7 of the Coldest Places on Earth Where People Actually Live
Many of us live in places with chilly winters. Why, it was just 50 degrees Fahrenheit here in Los Angeles over the past couple days and I’ve been positively shivering. I set out to find out where the coldest cities and towns on Earth are and in so doing, accidentally discovered the secret behind the hacking of the U.S. election — most of the coldest cities and towns in the world are in Russia. They want to take over America because they're sick of being so cold. And here's the proof — these are the seven coldest places on Earth where people actually live:
1. Verkhoyansk, Russia
Only around 1,000 people live out here, and for good reason — the AVERAGE temperature in January is -56 degrees Fahrenheit (-48 Celsius). The all-time low temperature was recorded in 1892 at -90 degrees F. You know how in movies Russian political dissidents are threatened with being sent to Siberia? This is why. Nobody wants to be sent to Siberia.
2. Oymyakon, Russia
Oymyakon’s 500 residents withstand temperatures equally cold to Verkhoyansk, if not colder. Snow days are, I’d guess, not a thing, as schools stay open on -52 degree days.
3. Yakutsk, Russia
200,000 people live in Yakutsk, which is usually declared the coldest city in the world. The temperature is below freezing from September through May and reached as low as -81.4 degrees, with a January average of -34 degrees F.
4. Barrow, Alaska
Barrow, home to 5,000 people, is the northernmost city in the United States, where the sun sets in November and doesn’t rise again until the end of January. The average temperature in JULY is 37 degrees F.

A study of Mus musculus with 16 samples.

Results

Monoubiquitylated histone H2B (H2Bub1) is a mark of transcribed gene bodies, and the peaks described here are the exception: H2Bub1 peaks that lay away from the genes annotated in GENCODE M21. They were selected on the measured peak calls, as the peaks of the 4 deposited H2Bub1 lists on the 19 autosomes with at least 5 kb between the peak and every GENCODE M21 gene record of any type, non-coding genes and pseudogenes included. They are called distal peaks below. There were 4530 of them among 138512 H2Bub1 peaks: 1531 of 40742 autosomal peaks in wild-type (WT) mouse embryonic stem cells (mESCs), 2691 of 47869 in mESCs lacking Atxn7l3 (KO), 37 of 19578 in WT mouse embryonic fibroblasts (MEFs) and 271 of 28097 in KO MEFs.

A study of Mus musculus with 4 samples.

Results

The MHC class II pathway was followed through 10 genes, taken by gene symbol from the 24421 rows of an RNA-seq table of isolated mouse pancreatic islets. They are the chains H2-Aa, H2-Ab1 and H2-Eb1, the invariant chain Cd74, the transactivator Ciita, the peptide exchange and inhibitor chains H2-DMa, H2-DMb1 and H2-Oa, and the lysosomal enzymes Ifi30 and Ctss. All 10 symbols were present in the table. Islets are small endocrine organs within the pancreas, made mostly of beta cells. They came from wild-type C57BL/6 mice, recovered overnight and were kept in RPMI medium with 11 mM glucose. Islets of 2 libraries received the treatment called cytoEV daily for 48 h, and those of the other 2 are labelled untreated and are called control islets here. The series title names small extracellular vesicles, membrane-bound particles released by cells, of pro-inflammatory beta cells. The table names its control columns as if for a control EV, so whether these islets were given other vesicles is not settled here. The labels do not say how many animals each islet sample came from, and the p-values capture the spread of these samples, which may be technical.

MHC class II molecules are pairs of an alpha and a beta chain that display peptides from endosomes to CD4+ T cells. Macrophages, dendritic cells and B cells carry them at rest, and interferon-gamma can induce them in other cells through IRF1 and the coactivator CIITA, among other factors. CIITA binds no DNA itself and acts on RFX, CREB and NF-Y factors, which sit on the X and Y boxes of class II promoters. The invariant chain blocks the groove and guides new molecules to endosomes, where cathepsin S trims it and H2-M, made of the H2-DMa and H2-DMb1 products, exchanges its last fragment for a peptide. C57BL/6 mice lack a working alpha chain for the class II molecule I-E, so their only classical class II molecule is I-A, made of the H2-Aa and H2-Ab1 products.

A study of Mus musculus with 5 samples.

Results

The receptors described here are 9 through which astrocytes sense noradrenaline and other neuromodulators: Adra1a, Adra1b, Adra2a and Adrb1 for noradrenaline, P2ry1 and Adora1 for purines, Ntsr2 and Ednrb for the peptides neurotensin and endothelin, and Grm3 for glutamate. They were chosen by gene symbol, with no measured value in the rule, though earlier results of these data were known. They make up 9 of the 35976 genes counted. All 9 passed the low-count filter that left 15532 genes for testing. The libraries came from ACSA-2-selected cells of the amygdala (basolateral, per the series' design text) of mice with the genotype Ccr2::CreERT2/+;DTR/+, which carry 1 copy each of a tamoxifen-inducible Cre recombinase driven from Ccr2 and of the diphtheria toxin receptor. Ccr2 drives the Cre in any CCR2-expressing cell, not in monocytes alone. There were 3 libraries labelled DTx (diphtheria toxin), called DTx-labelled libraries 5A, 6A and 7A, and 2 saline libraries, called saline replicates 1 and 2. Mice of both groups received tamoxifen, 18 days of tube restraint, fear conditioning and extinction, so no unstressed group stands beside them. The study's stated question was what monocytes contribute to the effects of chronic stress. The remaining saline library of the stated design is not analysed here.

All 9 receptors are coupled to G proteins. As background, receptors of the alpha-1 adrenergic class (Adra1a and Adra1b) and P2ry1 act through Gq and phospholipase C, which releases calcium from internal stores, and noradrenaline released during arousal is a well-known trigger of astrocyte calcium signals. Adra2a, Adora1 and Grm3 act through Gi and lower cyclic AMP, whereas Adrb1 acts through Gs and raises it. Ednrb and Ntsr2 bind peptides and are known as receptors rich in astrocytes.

5. Yellowknife, Northwest Territories, Canada
Snag, Yukon is the coldest place in North America, with a record low of -81 degrees F in 1947, but the city was officially closed in 2006, so nobody lives there anymore. That makes Yellowknife the current Canadian champ — the 20,000 people here freeze through -26 degrees F temperatures in January, with a coldest ever recorded at -60 degrees F.
6. Norilsk, Russia
Norilsk is one of the coldest big cities in the world. Around 200,000 people live in this industrial town, and anybody who isn’t Russian or Belorusian is not allowed to enter (and that's the truth). But could anyone who wasn’t Russian even handle going to Norilsk? It’s covered in snow about 250 days out of the year, with snow storms going for a third of the year, and it doesn’t see the sun for six weeks in winter. Average January temperatures are -16.4 degrees F. and there are only a few trees in the entire city.
7. Ulaanbaatar, Mongolia
Ulaanbaatar is the coldest capital city in the world, with winter temperatures between -32 and -40 degrees F. 1.3 million people freeze their butts off here for most of the year.
So, where do you think the residents of Norilsk and Oymyakon will settle when they come occupy the U.S.? Will they stay in chillier areas like Wisconsin, so as to not shock their systems too much? Or head straight for Florida? Tweet at me and let me know @erikaheidewald!